Follow and support efforts to reconnect Rondo, a Black St. Paul neighborhood devastated by highway construction.
Support and donate to efforts to remove Chester, PA’s trash incinerator.
Consider: Is public infrastructure better or worse in different places around where you live? Are there state or local initiatives you can support to demand infrastructure equity?
U.S. society is incredibly unequal, and it’s only getting worse. The gap between rich and poor more than doubled from 1989 to 2016, while the gap between Black and white household income has only increased since the 1980s (Pew). The average white American has eight times the net worth of the average Black American (Forbes). And the top 1% has 42% of the nation’s wealth (Inequality). The well-off and poor go to different schools (Harvard Gazette), eat different foods (National Geographic), and stay alive for different amounts of time (Brookings).
But there are public services we all use: sanitation and utilities, sidewalks and roads. You might think that public investment in such services would benefit everyone alike. Such thinking is the rationale between policies like Biden’s proposed infrastructure plan (Smart Asset), which would earmark just a small portion of total funding to address equity issues (Hola Bird). But existing infrastructure and public services not only demonstrate the extent of American inequality — they facilitate it, too. Community organizations around the country are fighting for quality infrastructure that’s actually for everyone.
Research indicates that having more green areas can reduce neighborhood violence. But as in many cities, “the most distressed, vulnerable and diverse (mostly Black) areas of Philadelphia with high crime” are the ones with the least tree cover. They’re also the neighborhoods with more potholes, cracked sidewalks, and “sprawling trash” (Philadelphia Citizen). The garbage problem in Philly is so bad that some have taken to calling raccoons “Philadelphia Trash Pandas” (Inquirer). But “trash pandas” don’t often prowl affluent white neighborhoods, though garbage collection, like road and sidewalk repairs, is a municipal service supposedly provided to all.
And though Brown v. Board of Education outlawed explicit racial segregation in schools almost 70 years ago, de facto racial segregation never ended. Half of American public school students attend schools that are overwhelmingly white or nonwhite. This matters because white school districts get $23 billion more than nonwhite districts each year (NPR). Even integrated schools lose resources when affluent white parents pull their children out to attend private schools instead — whether or not those parents feel “a lot of guilt” about their decisions (Huffington Post). Wild disparities in funding-per-student in American schools combine with ongoing segregation to make education another vastly unequal public good.
But it’s not just that public infrastructure for marginalized communities is worse. Infrastructure development has actively harmed or destroyed some communities for the benefit of others.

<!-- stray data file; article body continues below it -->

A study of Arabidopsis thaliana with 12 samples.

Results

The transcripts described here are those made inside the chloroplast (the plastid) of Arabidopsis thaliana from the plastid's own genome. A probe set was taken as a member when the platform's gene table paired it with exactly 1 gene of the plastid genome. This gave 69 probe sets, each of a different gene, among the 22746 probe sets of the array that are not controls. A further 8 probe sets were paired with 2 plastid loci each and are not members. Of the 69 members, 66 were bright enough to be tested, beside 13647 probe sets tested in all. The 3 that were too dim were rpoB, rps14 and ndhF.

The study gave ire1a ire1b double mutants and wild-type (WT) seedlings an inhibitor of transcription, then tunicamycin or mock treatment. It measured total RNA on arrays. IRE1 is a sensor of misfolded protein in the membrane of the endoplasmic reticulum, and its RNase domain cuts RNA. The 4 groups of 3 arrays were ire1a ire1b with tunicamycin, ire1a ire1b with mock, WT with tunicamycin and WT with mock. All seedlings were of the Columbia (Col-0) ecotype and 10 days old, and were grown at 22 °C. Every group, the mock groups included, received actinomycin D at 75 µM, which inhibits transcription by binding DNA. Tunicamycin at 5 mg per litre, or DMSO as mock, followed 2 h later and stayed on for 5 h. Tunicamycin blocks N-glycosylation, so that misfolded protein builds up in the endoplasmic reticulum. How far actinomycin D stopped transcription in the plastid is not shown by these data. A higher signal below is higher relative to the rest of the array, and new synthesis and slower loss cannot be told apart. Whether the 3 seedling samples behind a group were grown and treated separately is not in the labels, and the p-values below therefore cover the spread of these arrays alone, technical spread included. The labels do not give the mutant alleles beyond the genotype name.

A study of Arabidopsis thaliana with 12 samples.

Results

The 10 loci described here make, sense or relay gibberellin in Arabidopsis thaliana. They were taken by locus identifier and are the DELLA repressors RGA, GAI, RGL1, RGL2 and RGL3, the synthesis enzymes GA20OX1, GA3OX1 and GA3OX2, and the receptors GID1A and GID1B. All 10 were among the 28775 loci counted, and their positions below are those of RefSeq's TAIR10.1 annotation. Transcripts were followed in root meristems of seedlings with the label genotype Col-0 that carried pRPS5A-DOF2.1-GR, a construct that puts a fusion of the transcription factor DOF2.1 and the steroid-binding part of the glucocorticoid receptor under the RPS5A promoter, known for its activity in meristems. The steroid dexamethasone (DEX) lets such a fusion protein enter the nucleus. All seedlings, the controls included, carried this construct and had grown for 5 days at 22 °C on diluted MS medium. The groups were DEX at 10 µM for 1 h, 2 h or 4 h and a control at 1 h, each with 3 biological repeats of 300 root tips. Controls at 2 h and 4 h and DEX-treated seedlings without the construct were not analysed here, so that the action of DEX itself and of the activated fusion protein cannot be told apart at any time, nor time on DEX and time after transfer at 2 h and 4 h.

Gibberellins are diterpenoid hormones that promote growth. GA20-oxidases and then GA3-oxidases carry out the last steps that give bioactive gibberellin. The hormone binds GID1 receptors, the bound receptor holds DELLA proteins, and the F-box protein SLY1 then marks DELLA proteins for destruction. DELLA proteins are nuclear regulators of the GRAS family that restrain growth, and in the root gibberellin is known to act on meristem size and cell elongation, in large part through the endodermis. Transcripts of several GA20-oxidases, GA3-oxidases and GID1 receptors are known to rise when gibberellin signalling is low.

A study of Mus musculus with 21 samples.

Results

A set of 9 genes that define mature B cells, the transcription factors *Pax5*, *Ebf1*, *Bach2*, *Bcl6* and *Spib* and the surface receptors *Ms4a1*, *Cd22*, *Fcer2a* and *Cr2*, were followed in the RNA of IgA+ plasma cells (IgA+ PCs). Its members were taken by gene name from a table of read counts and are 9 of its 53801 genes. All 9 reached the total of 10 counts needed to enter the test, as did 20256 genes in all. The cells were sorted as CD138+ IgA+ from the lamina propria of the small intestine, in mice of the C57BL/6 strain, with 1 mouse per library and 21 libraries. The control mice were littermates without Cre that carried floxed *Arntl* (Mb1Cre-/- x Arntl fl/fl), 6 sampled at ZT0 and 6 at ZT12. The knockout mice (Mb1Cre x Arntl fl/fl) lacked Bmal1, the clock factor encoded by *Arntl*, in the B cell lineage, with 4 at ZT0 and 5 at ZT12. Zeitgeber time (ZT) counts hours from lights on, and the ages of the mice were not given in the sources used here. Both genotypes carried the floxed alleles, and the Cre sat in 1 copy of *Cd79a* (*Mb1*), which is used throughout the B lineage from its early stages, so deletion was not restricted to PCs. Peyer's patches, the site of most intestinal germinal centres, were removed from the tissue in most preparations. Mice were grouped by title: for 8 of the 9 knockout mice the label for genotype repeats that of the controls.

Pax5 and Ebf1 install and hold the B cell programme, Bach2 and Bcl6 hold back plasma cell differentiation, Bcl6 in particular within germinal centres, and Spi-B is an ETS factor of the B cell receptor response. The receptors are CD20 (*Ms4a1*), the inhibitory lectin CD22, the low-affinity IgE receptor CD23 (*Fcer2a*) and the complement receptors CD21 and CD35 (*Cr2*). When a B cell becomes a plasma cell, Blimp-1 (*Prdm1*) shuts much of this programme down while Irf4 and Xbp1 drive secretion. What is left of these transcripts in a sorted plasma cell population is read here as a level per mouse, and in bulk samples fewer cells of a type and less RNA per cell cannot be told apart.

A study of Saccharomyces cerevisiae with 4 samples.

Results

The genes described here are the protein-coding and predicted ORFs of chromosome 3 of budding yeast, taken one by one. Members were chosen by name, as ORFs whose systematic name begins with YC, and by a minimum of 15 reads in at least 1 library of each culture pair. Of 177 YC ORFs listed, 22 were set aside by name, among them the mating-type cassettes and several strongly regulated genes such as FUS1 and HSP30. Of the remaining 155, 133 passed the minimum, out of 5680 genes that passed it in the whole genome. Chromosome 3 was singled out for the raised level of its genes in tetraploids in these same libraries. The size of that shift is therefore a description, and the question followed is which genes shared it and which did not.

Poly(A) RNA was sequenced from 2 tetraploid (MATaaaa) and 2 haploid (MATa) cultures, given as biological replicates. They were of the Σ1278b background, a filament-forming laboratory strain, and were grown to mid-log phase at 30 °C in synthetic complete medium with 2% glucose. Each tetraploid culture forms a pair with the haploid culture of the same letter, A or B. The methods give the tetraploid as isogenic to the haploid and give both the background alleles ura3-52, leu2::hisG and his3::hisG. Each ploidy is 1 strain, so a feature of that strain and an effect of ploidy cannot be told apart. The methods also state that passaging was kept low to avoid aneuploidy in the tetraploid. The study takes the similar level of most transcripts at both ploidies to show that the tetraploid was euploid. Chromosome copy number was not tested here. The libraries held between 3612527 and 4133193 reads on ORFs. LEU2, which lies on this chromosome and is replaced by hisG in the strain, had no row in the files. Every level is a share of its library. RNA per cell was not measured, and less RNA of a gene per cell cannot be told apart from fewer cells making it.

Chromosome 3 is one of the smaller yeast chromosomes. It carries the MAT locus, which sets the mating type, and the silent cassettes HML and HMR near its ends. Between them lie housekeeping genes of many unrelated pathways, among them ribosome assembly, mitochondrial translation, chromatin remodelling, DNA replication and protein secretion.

The U.S. interstate highway system was built after World War II to mimic Nazi Germany’s Reichsautobahn (U.S. Army). Black neighborhoods were torn down and displaced for highway development. 1 million people lost their homes through massive, state-funded racial displacement. This “compounded discrimination and exploitation and triggered a process that weakened urban neighborhoods, from which they have never fully recovered” (PBS). To this day, oppressed communities are more likely to be cut out of public transportation networks and face higher rates of pollution and asthma due to proximity to highways (Slate). In education, trash collection, and road repairs as well, the “opportunity hoarding” in affluent areas is facilitated by deficits in public services for others (CNN).
Public services can be public goods. But they should be targeted at the areas with the most need, not the most wealth. Though the U.S. has destitute communities of every race (The Guardian), American white supremacy makes race “among the most powerful and durable axes along which inequality is organized” (Harvard). The Federal Highway Act didn’t single out Black communities. The Department of Education isn’t following guidelines to disempower children of color. But race- and class-blind infrastructure development only deepen American inequalities. Those with more power advocate for a greater share of state resources for themselves. The needs of working-class communities of color are ignored, though it was their work that created the affluence of those hoarding resources today (The Nation, Reuters). Equitable infrastructure for communities of color isn’t charity. It’s but a portion of what’s owed.
Community organizations are fighting for infrastructure equity across the country, ReConnect Rondo is fighting for a land bridge between parts of a historically Black neighborhood in St. Paul, Minnesota that was bisected by I-94 (ReConnect Rondo). CRCQL is fighting to get Pennsylvania’s largest trash incinerator out of the predominantly Black working-class city of Chester (CRCQL). Unite with grassroots efforts to demand infrastructure for all, wherever you live.
Public infrastructure and services are supposed to benefit everyone.
Deep inequalities in service provision exacerbate social inequalities.
Communities of color have been actively harmed and displaced to provide public services for others.